The designation is awarded biennially by
the International Council of Societies of Industrial Design (ICSID)
to cities that are dedicated to using design for social, cultural and
But Cape Town's bid was not about the city claiming to be an already established 'design capital', it was instead a bid to acknowledge that we are using design thinking as a tool for transformation.
Contemporary Cape Town is a tale of two cities: one a postcard narrative of wild beauty and sophisticated cosmopolitanism, the other a story of poverty and urban degradation. What connects the two realities is its four million inhabitants, who share the same hopes, depend on the same resources and whose future prospects are inseparable.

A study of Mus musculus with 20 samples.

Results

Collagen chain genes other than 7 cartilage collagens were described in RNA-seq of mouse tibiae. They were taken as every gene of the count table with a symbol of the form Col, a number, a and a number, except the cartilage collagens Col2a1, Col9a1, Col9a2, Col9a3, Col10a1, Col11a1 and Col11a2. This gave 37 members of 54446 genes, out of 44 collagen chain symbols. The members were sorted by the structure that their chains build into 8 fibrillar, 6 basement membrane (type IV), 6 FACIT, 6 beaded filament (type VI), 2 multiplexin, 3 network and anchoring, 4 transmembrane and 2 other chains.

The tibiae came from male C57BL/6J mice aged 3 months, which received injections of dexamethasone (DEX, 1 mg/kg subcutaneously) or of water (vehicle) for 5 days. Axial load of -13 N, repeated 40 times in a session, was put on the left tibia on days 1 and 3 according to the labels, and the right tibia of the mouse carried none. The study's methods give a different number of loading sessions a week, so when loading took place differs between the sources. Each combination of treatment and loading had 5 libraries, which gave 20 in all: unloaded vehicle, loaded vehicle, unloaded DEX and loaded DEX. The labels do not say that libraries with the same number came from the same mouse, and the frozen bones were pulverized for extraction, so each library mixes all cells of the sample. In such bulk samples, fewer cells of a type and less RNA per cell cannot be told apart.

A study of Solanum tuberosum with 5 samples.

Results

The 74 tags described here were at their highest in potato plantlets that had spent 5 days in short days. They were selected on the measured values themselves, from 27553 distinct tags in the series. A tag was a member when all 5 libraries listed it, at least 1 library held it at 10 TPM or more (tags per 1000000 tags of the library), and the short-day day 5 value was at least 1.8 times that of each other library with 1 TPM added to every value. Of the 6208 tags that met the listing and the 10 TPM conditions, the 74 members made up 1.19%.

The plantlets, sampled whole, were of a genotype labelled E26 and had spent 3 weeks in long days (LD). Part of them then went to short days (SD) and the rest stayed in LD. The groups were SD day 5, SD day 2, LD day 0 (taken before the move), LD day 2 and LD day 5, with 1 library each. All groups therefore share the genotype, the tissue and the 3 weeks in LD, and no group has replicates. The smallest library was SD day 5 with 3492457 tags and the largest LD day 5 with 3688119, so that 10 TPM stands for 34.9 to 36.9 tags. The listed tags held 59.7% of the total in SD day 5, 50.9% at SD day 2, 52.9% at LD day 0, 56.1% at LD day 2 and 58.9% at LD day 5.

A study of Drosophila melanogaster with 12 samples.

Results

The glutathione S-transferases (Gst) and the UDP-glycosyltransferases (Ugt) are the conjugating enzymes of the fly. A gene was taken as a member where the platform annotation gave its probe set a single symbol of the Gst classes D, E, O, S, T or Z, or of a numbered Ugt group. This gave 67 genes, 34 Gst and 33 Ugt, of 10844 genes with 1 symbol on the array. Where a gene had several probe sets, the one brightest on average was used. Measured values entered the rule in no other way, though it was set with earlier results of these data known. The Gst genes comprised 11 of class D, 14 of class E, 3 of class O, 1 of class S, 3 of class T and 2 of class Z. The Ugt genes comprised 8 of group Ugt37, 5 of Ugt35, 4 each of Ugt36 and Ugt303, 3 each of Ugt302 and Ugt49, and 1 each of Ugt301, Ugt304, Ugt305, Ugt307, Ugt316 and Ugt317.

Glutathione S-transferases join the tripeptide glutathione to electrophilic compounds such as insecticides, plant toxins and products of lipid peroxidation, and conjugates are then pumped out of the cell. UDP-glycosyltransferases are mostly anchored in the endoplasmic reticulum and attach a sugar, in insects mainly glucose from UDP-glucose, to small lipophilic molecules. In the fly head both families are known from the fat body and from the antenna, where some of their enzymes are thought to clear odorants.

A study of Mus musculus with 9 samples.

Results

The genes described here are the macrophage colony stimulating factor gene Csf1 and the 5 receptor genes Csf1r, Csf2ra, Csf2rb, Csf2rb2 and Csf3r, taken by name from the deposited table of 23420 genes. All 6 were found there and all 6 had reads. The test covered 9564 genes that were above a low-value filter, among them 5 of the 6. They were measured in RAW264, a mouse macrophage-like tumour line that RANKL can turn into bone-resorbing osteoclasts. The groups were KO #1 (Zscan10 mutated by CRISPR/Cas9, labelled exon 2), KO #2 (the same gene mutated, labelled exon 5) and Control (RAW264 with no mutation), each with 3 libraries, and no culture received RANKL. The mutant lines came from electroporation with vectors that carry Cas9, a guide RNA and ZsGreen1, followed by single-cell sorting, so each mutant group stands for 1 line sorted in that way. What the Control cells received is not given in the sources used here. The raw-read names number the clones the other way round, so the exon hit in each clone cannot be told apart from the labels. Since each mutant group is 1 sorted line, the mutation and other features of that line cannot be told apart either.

In the past, the city was divided by design – by the social engineering of the apartheid era. It is therefore only by design, and a reshaping of the cityscape, that a safer, more efficient and inclusive home for all our residents can be created.
2014 is not just a programme of events. It is a step in the process of changing how the city and its people approach development and use both design and innovative thinking to transform Cape Town.
The title is awarded in advance, allowing winning cities enough time to plan, develop and promote a year-long programme of -themed events for their designated year.
Cape Town’s 465-page 2014 bid book was officially handed over to City of Cape Town Executive Mayor, Alderman Dan Plato, on 30 March 2011, a day before the formal ICSID submission deadline of 31 March 2011.
Three shortlisted cities for the 2014 title were announced, and an ICSID site visit to each of these cities took place.
Cape Town was designated WDC for 2014 in October 2011.
To find out more about visit http://www.worlddesigncapital.com/.